Does everyone have a books to read pile? Maybe a shelf? Or in my case, entire bookshelf? From what I can tell, the answer is yes – if that person considers themselves to be a somewhat regular reader. I think working in a bookstore makes this even worse, because I am constantly finding books that I think that I would love to read. I do a fairly decent job in showing restraint, mostly because my husband likes me to bring home some of the money I earn at work and not spend it all on books.
Anyway, I’ve had The Rosie Project by Graeme Simsion on my shelf for a long time, just waiting to be read. I picked it up once, but only got a few pages in before something more pressing seemed to jump in the queue and knocked it out. I decided to give it another go earlier this week, and found the book to be charming and humorous.
Don Tillman is as socially awkward a guy as you are likely to ever meet. The book falls short of diagnosing him with Asperger’s syndrome, but it is not so subtly implied by his clinical psychologist friend, and can give you a pretty good idea of his inability to respond well to social cues. Don wants to find a wife, and decides that the most logical way to to this is to create a survey that his potential suitors would fill out to determine marriage suitability. Some questions would be automatic disqualifiers – such as, “do you smoke”, correct answer, “no”. Whereas others were on a bit more a sliding scale – ” do you eat kidneys?’, correct answer – occasionally.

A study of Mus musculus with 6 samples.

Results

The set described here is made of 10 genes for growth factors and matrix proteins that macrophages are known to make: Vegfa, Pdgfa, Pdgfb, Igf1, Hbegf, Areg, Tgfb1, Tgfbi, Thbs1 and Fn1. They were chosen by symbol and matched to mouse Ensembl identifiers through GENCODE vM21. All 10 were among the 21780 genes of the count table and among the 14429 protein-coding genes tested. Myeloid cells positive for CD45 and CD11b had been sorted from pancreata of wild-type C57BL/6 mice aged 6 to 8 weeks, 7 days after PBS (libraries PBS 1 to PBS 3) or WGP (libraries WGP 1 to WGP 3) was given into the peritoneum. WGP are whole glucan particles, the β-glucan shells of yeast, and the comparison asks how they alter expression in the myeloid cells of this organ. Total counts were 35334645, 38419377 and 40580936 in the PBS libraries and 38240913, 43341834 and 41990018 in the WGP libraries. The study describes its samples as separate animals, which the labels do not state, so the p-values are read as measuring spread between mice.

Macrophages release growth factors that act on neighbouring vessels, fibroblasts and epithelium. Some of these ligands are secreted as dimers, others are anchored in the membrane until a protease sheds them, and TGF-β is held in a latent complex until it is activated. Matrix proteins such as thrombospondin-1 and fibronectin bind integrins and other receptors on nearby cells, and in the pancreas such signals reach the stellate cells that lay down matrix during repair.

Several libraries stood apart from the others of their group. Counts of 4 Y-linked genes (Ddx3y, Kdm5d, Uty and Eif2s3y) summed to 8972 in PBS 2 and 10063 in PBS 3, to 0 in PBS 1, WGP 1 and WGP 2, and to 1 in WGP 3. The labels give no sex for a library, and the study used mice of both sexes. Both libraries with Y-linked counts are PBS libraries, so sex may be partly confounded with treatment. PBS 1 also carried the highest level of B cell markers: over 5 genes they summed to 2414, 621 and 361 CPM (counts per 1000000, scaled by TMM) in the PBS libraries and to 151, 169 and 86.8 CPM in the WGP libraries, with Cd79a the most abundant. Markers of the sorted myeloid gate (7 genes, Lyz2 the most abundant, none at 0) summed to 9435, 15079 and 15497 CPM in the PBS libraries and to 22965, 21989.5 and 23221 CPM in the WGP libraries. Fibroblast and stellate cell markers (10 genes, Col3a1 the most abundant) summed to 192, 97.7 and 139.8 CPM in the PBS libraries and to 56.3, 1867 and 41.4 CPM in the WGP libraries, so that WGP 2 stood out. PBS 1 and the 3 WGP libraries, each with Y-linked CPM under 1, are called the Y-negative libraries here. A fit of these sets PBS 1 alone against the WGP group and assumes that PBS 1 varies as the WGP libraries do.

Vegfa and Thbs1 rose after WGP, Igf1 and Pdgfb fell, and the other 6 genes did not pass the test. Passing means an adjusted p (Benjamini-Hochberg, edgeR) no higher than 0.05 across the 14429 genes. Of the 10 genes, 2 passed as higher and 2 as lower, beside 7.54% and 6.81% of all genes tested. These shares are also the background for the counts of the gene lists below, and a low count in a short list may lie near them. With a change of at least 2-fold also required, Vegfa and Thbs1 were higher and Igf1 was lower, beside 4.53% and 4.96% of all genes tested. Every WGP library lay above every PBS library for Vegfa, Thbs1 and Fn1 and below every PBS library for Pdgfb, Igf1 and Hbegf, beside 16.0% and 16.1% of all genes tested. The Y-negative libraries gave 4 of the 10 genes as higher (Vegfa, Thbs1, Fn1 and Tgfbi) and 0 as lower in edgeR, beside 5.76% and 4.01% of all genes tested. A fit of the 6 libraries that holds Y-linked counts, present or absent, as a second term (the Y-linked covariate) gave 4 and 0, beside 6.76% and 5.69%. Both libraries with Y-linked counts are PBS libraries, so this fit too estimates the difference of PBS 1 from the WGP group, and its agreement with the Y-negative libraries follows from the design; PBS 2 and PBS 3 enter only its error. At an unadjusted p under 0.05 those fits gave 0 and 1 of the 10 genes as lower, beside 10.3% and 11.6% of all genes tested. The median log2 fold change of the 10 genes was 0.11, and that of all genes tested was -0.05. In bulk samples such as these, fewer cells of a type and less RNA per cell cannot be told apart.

Don’s “Wife Project” gets derailed a bit when he meets Rosie – a wholly unsuitable wife candidate, but a woman on a quest of her own. Don uncharacteristically agrees to help her try to find her biological father, as he is a geneticist and can analyze DNA. Their unlikely partnership involves many changes to Don’s rigid schedule and he begins to see that perhaps he can change certain aspects of his life without catastrophic consequences.
I found the book to be thoughtful without being too sappy, and you can’t help but root for Don to find happiness. Neither chicky nor highbrow, it’s a great book for anyone who just wants a light read with a charming story.